Beliefnet



Friday's Vote
What did the U.S. Catholic bishops decide on Friday?

The Charter they approved (read it) by a 239-13 vote would allow some past abusers to technically remain priests. However, the abusers would be barred from any work connected to the church--from celebrating Mass to teaching in a parochial school to serving in a Catholic soup kitchen. They would also be barred from presenting themselves as priests or wearing clerical clothes.

Priests still could be defrocked (removed from the priesthood), but this decision would be left to the priest's bishop, acting on the advice of an advisory board comprised mainly of lay people.

The new Charter also:

  • Requires that dioceses report any accusation of sexual abuse of a minor to law enforcement officials;
  • Calls for diocesan review boards to assess accusations and determine the diocese's response. The boards would be made up primarily of lay people;
  • Prohibits dioceses from signing confidentiality agreements with victims in civil lawsuits over sex abuse, unless the victim insists;
  • Requires ministry to victims, such as support groups and counseling
  • So did the bishops adopt zero tolerance?

    It depends who you ask. The Charter would prevent face-to-face contact between abusers and the public. However, victims are calling for abusers to be automatically and permanently defrocked, not simply barred from ministry.

    What's the difference between defrocking and being barred from ministry?

    Priests who are defrocked are completely expelled from the church, and lose their pensions. Those who are removed from the ministry are never again allowed to act as priests, but retain some of the benefits earned over their years in the clergy.

    In the Catholic Church, priests are removed from the priesthood through a paperwork process called laicization. The Vatican must approve laicization requests.

    What will happen to priests who abused many decades ago?

    According to the new plan, they would likely be confined to restricted areas (such as a retreat house or monastery). The Charter's softened language would allow some elderly clerics nearing the end of their service to keep their pensions and other basic benefits accrued over the course of their careers.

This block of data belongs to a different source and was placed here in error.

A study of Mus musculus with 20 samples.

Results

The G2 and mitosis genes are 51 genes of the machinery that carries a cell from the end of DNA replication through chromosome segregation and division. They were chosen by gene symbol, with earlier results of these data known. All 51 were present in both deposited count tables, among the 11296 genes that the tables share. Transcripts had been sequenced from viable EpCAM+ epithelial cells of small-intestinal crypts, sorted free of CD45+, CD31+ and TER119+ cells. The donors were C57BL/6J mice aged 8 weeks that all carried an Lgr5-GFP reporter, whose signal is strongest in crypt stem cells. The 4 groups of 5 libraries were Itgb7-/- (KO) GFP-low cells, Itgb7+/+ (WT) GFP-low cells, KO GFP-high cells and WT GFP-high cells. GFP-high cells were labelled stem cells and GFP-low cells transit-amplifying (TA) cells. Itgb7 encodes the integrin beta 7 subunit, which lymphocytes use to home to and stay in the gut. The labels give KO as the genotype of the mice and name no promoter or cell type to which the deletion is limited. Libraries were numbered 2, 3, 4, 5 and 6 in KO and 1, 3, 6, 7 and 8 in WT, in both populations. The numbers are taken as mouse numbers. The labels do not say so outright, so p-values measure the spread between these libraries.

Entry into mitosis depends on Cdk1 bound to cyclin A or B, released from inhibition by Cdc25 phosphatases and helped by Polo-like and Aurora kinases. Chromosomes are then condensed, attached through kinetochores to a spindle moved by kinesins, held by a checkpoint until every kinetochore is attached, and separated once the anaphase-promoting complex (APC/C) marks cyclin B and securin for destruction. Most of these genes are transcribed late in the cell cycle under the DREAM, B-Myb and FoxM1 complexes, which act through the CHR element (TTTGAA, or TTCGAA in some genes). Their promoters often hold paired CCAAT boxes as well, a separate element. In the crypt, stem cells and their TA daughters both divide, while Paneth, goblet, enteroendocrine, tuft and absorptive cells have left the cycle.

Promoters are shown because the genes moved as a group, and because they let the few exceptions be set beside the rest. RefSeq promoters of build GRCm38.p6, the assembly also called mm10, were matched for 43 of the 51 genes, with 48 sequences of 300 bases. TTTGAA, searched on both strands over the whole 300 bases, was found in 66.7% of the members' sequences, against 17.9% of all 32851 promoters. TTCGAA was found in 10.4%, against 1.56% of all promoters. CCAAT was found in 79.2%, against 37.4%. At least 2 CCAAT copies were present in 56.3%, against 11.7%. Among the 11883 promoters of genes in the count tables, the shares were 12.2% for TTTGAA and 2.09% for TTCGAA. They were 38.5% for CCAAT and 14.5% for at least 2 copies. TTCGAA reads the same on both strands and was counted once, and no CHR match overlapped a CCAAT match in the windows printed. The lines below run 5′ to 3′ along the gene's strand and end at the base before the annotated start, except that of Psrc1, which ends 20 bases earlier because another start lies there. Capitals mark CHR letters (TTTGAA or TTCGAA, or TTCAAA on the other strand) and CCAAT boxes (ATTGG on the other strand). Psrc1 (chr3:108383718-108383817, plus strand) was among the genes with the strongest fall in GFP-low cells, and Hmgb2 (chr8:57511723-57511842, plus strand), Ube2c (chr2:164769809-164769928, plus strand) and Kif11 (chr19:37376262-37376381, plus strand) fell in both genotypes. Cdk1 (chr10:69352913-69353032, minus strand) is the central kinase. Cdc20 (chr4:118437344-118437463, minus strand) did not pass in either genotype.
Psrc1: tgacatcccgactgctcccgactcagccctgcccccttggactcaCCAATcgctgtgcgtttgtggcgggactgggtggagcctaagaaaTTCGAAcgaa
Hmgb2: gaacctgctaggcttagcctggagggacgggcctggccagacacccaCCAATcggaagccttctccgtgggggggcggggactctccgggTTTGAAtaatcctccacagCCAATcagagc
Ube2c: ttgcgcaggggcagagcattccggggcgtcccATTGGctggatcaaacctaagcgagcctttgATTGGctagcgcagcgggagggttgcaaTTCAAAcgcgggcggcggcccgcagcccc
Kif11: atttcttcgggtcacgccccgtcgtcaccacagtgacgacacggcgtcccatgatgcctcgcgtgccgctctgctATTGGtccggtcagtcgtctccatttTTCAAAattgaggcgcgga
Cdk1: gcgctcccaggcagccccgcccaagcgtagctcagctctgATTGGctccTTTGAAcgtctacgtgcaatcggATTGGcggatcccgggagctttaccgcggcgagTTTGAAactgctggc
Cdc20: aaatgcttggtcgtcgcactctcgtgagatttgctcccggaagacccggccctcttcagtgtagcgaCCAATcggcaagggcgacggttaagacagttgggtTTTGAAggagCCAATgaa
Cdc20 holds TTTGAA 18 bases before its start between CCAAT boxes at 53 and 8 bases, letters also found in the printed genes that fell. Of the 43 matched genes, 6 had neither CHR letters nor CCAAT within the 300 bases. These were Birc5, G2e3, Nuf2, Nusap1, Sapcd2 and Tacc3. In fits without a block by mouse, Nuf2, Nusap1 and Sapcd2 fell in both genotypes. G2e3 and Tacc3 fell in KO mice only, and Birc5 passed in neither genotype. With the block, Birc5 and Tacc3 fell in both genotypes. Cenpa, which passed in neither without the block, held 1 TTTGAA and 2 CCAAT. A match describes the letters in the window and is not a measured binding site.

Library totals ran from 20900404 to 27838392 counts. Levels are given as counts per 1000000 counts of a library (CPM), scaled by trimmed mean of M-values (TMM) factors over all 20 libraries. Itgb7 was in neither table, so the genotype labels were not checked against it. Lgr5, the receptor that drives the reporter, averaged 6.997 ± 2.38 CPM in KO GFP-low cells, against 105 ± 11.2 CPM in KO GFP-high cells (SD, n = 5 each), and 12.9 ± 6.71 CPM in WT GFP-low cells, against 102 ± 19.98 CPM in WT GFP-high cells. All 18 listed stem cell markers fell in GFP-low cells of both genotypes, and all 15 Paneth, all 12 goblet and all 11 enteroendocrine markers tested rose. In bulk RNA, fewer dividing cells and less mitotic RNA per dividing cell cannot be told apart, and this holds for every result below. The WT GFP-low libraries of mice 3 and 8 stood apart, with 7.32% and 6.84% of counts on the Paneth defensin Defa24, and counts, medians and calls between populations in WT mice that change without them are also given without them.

Are the older cases ambiguous or unsubstantiated?

    The majority of the older cases the bishops referred to in their debates were clear-cut cases of sexual abuse.

    Now that the vote has passed, what else needs to happen?

    The policy needs to be approved by the Vatican to become binding on all U.S. dioceses. However, bishops can start implementing the policy while they wait for a "recognitio," or formal approval.

    Has the Vatican ever overturned votes by the conference?

    Yes: A recent example involved rules to be followed by Catholic theologians. After the Vatican ordered new guidelines for theology taught at Catholic universities, the U.S. bishops overwhelmingly approved a set of rules in 1996. The Vatican rejected them for not being specific enough. The bishops responded with a more specific set of rules in 1999 that the Vatican later approved.

    Bishops at this week's meeting said they expected the Vatican would sign off on the Charter.



    Bishop Basics
    What is a bishop and what is a diocese? Are archdioceses and cardinals different?

    He is the leader of a specific group of priests, churches and other Catholic institutions (schools, for instance), usually within a specific geographic boundary, called a diocese. His authority does not extend beyond that area. Archdioceses are larger dioceses, often often large cities; they are headed by an archbishop, which is one step up from a bishop.

    Some archdioceses are run by cardinals--bishops who have been appointed by the pope to participate in the college of cardinals, an administrative body of the church (which, incidentally, chooses a new pope when one passes away). Broadly speaking, the church's hierarchy from the top down goes Pope-Cardinal-Archbishop-Bishop-Priest.